Two major groups representing the textile industry, which is highly sensitive to foreign competition, came out on opposing sides Monday in the debate over a free trade agreement with six Central American and Caribbean countries.

The National Council of Textile Organizations (search) announced its support for the Central American Free Trade Agreement (search), or CAFTA, a decision that was hailed by the administration as it struggles to come up with the votes needed to get the trade package through Congress.

The group's chairman, Allen Gant, said in a statement that the agreement was needed XXXXXXXXXXX `ent or more U.S. content, while Chinese textiles usually have no U.S. materials.

U.S. Trade Representative Rob Portman (search) praised the group for taking a "bold step" and for "having the vision to recognize the benefits of this free trade agreement in responding to competition from Asia."

But another group representing textile companies, the American Manufacturing Trade Action Coalition (search), on Monday repeated its opposition to CAFTA, saying it was a "job killer" filled with loopholes designed to encourage the offshoring of U.S. jobs.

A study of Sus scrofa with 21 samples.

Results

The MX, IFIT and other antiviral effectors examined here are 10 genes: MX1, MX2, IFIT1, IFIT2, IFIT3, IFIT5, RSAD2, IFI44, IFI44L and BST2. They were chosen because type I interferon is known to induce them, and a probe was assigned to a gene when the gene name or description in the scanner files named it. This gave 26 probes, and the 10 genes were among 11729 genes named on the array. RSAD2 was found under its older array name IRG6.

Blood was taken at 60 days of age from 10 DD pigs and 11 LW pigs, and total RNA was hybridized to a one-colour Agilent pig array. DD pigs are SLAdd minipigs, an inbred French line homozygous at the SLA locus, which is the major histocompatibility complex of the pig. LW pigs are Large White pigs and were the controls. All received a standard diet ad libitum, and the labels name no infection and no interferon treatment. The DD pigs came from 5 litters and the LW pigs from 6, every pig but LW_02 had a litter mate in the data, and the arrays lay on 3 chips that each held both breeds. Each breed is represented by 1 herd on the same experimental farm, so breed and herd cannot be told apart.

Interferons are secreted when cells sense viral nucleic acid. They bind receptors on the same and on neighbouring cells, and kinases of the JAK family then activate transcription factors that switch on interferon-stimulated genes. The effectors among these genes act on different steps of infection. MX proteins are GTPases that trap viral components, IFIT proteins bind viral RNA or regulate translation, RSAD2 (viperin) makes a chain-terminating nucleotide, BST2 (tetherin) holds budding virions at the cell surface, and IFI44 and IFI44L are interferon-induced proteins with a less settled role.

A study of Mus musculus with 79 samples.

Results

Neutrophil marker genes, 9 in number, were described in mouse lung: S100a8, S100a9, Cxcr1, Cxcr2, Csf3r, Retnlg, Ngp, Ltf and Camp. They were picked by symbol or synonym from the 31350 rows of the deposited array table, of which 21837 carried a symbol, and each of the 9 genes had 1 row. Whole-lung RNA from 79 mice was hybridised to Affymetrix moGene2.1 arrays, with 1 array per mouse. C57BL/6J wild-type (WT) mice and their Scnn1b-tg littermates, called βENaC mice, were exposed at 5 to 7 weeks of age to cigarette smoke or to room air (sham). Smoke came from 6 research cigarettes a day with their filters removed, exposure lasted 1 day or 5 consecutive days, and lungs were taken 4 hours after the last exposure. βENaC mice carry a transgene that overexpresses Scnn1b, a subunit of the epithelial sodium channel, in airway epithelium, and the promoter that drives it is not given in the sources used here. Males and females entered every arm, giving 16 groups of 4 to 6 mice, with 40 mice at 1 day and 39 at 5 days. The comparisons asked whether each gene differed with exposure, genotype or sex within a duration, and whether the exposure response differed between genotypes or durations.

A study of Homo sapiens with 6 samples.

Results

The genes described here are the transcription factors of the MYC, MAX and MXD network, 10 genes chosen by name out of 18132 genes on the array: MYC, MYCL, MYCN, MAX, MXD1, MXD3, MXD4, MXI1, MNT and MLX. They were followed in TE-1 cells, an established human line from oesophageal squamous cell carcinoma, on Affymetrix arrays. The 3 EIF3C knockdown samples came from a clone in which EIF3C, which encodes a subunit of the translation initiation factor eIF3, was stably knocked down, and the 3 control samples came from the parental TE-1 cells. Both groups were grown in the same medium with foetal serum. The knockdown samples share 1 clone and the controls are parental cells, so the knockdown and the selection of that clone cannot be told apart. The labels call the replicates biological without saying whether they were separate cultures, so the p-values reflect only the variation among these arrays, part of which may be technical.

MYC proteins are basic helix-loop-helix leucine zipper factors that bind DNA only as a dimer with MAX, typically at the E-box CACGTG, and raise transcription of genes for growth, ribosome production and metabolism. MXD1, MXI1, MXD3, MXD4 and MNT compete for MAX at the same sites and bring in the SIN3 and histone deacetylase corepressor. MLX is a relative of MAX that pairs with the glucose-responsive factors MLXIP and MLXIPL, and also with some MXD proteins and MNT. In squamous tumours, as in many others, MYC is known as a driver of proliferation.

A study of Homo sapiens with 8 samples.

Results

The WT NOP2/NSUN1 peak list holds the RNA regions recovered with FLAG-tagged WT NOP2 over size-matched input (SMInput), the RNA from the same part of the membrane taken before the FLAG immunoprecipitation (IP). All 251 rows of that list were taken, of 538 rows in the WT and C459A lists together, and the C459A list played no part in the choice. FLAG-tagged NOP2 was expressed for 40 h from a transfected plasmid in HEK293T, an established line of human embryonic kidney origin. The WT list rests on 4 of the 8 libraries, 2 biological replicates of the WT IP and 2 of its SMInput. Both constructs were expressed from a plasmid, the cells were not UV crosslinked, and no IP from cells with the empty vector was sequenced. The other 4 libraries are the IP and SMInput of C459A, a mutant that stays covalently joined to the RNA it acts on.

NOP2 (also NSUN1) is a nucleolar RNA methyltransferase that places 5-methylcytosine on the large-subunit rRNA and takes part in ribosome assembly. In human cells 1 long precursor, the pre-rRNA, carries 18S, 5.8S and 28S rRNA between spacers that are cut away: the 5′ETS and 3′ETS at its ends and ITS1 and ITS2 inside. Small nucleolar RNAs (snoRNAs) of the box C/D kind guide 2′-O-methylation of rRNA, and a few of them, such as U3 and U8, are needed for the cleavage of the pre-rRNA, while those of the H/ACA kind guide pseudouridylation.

It noted that since the enactment a decade ago of the North American Free Trade Agreement (search) with Mexico and Canada, jobs in the U.S. textile and apparel manufacturing industry had gone from 1.5 million to 666,500.

On one issue, the NCTO said it had received a commitment from Portman that steps would be taken to ensure that $100 million in existing U.S. pocketing and lining exports to the region would not be lost. But AMTAC said not a single CAFTA country has pledged support for fixing the pocketing problem.

The administration has pushed hard to gain the good will of the textile industry, including launching an investigation into whether to reimpose quotas on various types of Chinese clothing.

The House could take up the CAFTA agreement as early as this month. With a large majority of Democrats against it because they say it doesn't go far enough to protect labor and environmental standards, the administration badly needs the votes of Republicans from textile states, many of whom have expressed reservations about the deal.

The sugar industry is also strongly against the agreement because it allows a small increase in sugar exports from Central America, and that too could influence the outcome of the House vote.

Supporters say that under CAFTA more than half of U.S. farm exports to the region would immediately become duty free, but there are also divisions within the farm community about the deal.